The first data about the population in Lithuania were collected in the 13th century, when it was important to establish how many people could pay taxes and how many men were suitable for the military service.
Historic sources mention the first overall census of farmsteads held in 1528. In the middle of the 17th century the method of counting "smokes" was used.
"The majority of historians and demographers established the number of the population by counting "the smoke", i.e. farmsteads with fireplaces. Based on various data, in Lithuania in the middle of the 17 th century could have been about 568,000 "smokes" with 7-8 persons living in each of them. This would make approximately 4,5 million people residing in Lithuania at that time."* *Source: S. Vaitekunas "The territory of Lithuania and its inhabitants", V.: Alma Littera, 1998, p. 128
Before 1789 inhabitants of the Grand Duchy of Lithuania were calculated by the number of "smokes" or farmsteads. However, such data were not accurate, as in each household there lived from 5 to 9 persons. Thus, the number of population could fluctuate from 1,4 to 3,6 million. More precise data were attempted during the 1789 census, however, only privileged layers covering nobility and clergy went under the counting.
In the 1790 census all existing social groups were counted, therefore, this census might be considered as the first overall population census in the Grand Duchy of Lithuania. The counted population was broken down by religion, and Christians further broken by class - nobility, clergy, town - dwellers and farmers. All the registered population was divided by sex, whereas males of the Christian confession even by age group. Data on vital statistics - marriages, births and deaths - were also collected.
The census was conducted by Handling commissions (equivalent to the first "institutions" collecting official statistical data, which provided information not only about the inhabitants, but also about the status of businesses, schools, charity organisations, and prices for food products and accidents). The books of "lustration" were used for the census, covering localities owned by the nobility - the number of "smokes" was written on the left of the locality name against the number of inhabitants in that farmstead written on the right.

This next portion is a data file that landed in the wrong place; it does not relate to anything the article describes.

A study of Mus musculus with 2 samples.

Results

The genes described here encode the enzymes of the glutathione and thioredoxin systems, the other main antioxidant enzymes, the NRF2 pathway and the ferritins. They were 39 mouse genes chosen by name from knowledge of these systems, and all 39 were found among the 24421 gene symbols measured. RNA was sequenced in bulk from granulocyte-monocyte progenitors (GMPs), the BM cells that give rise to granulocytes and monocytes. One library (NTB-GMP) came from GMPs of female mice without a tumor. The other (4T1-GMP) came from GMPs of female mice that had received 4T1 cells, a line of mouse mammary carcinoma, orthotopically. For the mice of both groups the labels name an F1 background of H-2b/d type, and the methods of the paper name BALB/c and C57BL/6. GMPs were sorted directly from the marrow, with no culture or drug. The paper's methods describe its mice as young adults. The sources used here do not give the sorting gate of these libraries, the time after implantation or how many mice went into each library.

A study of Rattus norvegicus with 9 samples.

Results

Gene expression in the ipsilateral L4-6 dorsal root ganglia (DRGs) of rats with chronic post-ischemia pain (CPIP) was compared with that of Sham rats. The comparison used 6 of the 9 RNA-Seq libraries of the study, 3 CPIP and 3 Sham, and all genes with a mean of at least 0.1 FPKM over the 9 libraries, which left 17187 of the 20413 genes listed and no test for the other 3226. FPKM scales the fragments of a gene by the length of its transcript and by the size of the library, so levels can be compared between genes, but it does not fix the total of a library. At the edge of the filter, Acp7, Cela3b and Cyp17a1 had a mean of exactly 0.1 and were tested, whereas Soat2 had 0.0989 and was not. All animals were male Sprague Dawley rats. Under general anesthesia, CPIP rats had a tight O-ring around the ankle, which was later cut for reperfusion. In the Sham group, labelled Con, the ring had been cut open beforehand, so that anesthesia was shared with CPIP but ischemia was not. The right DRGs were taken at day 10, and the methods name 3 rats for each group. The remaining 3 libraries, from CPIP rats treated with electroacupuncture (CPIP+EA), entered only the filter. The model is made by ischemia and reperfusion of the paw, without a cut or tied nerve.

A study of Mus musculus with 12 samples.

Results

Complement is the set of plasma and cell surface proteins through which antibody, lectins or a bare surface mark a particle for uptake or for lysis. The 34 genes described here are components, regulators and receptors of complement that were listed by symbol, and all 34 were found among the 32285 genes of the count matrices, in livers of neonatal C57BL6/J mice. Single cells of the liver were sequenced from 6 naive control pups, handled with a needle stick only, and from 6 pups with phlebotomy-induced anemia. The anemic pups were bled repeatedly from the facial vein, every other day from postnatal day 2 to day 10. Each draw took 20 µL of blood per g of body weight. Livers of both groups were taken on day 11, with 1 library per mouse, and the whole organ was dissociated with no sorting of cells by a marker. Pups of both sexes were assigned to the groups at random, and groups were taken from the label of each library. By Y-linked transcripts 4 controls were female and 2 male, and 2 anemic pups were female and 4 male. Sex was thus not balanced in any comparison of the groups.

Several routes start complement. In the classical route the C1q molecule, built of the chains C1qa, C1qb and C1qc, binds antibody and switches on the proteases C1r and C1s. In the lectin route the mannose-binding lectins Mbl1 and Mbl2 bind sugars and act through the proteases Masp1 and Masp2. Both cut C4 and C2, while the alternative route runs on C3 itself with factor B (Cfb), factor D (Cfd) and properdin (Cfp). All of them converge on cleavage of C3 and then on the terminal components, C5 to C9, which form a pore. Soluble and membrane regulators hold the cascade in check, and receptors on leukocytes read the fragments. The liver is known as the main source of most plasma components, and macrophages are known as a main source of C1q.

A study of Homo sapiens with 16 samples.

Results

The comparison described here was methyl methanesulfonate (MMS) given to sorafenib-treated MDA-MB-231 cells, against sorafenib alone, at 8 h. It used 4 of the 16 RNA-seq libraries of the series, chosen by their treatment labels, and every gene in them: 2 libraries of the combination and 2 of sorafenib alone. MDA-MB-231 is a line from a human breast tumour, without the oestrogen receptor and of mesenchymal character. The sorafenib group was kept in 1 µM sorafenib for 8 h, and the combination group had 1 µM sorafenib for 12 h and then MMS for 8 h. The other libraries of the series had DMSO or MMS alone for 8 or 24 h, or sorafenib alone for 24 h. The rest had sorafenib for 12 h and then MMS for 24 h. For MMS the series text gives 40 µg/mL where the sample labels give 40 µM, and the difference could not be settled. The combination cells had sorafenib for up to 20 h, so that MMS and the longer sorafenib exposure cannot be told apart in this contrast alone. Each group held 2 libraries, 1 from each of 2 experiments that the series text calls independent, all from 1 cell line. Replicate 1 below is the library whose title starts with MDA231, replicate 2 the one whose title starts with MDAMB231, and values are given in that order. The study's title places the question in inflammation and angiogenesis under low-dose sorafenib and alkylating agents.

More precise data were attempted during the 1789 census, however, only privileged layers covering nobility and clergy went under the counting. In the 1790 census all existing social groups were counted, therefore, this census might be considered as the first overall population census in the Grand Duchy of Lithuania.
The first population census in the Russian Empire was organized in 1897. At that time Lithuania belonged to the Russian Empire, thus its population was registered according to the general programme, indicating characteristics by sex, religious confession, age, business and etc. Lithuania's territory at that time comprised Kaunas, Vilnius and Suvalkai governor's districts, part of the territory belonged to Gardinas and Kursas governor's districts, therefore, only an approximate number of population could be estimated. According to the 1897 census data, within the current territory of Lithuania there lived 2 536 thousand people, Russian army included into that figure.
1923 overall population census
When the Independence of Lithuania was proclaimed in 1918, a sharp need for holding an overall population census arose, however, it was conducted only in 1923, when the state frontiers were established.
The census took place over 17-23 September 1923. Only currently resident population was registered.
Lithuania was divided into 24 enumeration territories. An enumeration territory coincided with an administrative county (there were 20 counties in the country at that time in Lithuania) and four towns, enjoying the countie's rights (Kaunas, Siauliai, Panevezys and Vilkmerge). The enumeration territories were broken down by regions, which, in their turn, were broken down by enumeration districts.
The Cabinet of Ministers assigned 605,6 thousand litas to arrange the census. Census of one person cost 20 centas. Population censuses in other countries were more expensive (e. g. in England 30 centas, in the USA - 50 centas).
3,100 enumerators- teachers, civil servants of state and public institutions and students of high and higher schools - took part in the census.
Data from the enumeration territories were transmitted to the Chief Census Commission via the telegraph and telephones, later on being transferred to the Central Bureau of Statistics, where the incoming data were finally arranged. Processing of the census material (according to the programme set in advance) continued for the whole year of 1924 and extended into several months of 1925. First provisional data (Population by sex, citizenship and nationality) were announced already by the end of 1923.
Tables with figures were counted in 1925 and this lasted for eight months. The tables with the census results were published in "The Bulletin of Statistics" in 1924 and 1925. A separate publication presented the census data to the public at large in both the Lithuanian and French languages ("Lithuania's population: data of the population census, held on 17 September 1923", Central Statistical Bureau of the Republic of Lithuania, Kaunas, 1926).